Sunday, May 15, 2011

Backward Glance - John Richard Hoyle, born 1876

This dapper man is John Richard Hoyle, my grandpa. He was called Jack. His was a varied and interesting life. We are learning more about him and his ventures all the time.

Jack was born in Accrington, Lancashire, England, on May 15, 1876. He was the oldest child of John Richard Hoyle (b. 1852) and his wife, Isabella Hargreaves (b. 1854). His brother, William, was born in 1879, also in  Accrington, but died in 1880 in Hamilton, Ontario, Canada, after the family had emigrated there. Seven more children were born to his parents in Canada. Mary, Annie and Isabella were born in Dundas, Ontario. Sarah, James, Lucy and Benjamin were born in Regina, Saskatchewan. John and Isabella returned to Hamilton after 1906.

Jack married Margaret McCallum on December 1, 1898, in Hamilton, Ontario. From at least 1901 through 1911, when the censuses were taken, Jack and Maggie lived in Pincher Creek, Alberta, Canada. They adopted Nellie Welsh (b. abt 1892) before 1906. Apparently, Jack wanted to move to the United States, but Maggie didn't. They separated.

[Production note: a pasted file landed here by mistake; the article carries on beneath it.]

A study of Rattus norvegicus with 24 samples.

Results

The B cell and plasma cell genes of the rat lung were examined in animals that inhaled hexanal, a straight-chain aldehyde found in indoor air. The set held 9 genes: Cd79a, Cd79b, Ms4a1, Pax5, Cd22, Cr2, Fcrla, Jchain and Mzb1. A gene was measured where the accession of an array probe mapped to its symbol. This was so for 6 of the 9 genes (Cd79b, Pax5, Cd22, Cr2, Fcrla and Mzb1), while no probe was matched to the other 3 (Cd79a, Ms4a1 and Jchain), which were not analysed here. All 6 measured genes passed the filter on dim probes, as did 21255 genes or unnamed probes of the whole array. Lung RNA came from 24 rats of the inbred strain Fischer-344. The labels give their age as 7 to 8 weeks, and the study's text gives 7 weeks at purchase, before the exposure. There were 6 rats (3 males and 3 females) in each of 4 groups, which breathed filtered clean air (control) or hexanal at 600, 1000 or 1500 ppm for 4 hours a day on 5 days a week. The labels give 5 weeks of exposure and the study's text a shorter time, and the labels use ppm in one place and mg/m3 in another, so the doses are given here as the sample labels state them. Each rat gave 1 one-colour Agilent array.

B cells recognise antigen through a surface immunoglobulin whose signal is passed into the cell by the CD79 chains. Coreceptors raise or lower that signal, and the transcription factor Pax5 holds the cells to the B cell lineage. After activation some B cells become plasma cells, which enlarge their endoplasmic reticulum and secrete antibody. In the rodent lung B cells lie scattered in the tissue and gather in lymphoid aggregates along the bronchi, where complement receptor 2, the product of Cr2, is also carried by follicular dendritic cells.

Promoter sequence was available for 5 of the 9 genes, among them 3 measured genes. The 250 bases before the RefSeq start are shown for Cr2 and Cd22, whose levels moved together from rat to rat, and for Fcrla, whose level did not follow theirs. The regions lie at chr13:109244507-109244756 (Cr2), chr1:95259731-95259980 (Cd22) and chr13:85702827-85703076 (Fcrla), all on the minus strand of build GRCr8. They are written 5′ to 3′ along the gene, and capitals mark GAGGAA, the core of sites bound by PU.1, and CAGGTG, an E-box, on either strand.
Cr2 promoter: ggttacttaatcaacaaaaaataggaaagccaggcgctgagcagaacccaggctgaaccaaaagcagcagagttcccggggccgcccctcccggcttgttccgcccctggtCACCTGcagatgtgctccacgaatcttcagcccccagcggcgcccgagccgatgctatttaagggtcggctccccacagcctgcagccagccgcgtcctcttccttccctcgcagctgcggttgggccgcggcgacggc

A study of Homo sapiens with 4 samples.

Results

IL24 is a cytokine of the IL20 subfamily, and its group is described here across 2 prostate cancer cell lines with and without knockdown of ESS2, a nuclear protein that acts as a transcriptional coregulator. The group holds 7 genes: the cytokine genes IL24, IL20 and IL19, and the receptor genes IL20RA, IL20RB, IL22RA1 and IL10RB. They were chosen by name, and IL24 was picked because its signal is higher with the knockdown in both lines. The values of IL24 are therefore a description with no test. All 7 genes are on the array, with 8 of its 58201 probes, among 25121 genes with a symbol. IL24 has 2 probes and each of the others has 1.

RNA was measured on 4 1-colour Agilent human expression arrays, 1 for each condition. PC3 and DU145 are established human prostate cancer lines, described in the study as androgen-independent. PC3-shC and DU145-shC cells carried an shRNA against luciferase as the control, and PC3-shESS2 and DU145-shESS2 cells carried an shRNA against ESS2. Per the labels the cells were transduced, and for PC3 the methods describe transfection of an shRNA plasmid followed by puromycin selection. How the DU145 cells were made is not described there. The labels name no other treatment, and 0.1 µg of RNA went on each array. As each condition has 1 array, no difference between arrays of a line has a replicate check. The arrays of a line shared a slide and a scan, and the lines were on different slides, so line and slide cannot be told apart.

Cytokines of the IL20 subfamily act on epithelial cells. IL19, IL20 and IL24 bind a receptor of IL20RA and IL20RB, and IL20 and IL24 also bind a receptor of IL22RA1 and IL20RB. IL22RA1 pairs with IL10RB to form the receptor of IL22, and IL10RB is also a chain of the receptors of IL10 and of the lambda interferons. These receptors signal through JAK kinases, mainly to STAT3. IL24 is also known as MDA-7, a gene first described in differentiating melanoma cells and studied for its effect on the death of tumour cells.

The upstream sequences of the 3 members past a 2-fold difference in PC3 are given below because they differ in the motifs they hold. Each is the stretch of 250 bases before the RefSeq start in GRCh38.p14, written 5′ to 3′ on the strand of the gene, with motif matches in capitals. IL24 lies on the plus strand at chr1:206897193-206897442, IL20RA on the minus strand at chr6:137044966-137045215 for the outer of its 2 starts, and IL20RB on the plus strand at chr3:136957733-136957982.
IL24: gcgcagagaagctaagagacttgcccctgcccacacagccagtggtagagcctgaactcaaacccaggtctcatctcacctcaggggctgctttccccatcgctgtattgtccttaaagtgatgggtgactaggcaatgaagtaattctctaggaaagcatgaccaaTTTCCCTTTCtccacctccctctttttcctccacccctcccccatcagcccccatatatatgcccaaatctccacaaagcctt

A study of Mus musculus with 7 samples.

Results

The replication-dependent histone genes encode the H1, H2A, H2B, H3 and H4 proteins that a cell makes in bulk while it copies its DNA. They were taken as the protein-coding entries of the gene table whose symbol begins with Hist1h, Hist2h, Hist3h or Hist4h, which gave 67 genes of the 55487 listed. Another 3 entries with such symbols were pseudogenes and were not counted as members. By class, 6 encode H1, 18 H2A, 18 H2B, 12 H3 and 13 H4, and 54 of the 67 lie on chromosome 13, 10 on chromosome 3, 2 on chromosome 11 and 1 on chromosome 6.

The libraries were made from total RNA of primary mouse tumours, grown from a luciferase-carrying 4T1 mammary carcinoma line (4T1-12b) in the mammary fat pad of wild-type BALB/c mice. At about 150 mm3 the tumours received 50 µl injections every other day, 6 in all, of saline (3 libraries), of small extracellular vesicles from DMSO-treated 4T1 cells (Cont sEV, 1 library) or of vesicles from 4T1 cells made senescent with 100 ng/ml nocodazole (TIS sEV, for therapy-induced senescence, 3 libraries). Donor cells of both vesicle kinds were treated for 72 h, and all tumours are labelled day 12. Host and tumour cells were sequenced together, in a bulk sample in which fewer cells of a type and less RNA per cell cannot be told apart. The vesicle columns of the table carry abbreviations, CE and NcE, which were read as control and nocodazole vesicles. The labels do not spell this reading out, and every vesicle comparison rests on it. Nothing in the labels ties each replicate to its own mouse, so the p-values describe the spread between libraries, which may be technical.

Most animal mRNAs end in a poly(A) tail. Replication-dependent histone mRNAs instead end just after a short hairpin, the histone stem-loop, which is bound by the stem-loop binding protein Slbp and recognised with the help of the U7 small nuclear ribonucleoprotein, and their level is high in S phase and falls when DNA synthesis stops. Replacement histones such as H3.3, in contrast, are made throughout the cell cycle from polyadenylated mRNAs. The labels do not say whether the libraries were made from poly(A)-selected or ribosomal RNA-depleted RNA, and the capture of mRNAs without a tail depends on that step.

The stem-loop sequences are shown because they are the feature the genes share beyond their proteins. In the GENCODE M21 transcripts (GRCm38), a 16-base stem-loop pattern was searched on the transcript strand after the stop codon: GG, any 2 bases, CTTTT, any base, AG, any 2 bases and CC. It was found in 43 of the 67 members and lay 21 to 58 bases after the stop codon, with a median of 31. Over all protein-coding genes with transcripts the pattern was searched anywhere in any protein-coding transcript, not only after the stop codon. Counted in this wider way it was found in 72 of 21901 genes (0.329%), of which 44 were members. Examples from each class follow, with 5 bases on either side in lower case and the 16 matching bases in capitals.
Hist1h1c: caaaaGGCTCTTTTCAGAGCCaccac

In 1914, Jack crossed the border into Montana reporting his residence in Canada as MacLeod and proclaiming his destination to be Great Falls. He lived in the town of Black Eagle (or Little Chicago), now a part of Great Falls. He registered for the World War I draft in 1918 in Great Falls. In a letter I received 1n 1977 from Ida Lenci, a resident of Black Eagle, she said people there remembered him. He was described as "a medium sized man and seemed to be in good health." He lived at the Germania Hotel and took his meals there. He also ate at a restaurant owned by a Mrs. Jones on 15th Street. According to an entry in the 1918 Great Falls City Directory, he boarded at Mrs. Jones' establishment.

By 1922, Jack was living in Billings, Montana. He and others, including Claire Marguerat, incorporated two businesses: American Ranch and Trading Company, and The Canadian Rocky Land and Ranch Company Limited. I have found nothing more of these businesses.

On June 20, 1925, Jack married my grandma, Claire Elise Marguerat, in Lewiston, Montana. They moved to Seattle, Washington, where all of their children were born. 

He grafted fruit trees of different kinds together. He moved houses across the city. He put two houses together to create a larger one. He developed a way to extract tar from Athabasca tar sands. He did such a great variety of things!

Jack died on December 8, 1958, in Seattle. He was a kind and loving husband, father and grandfather.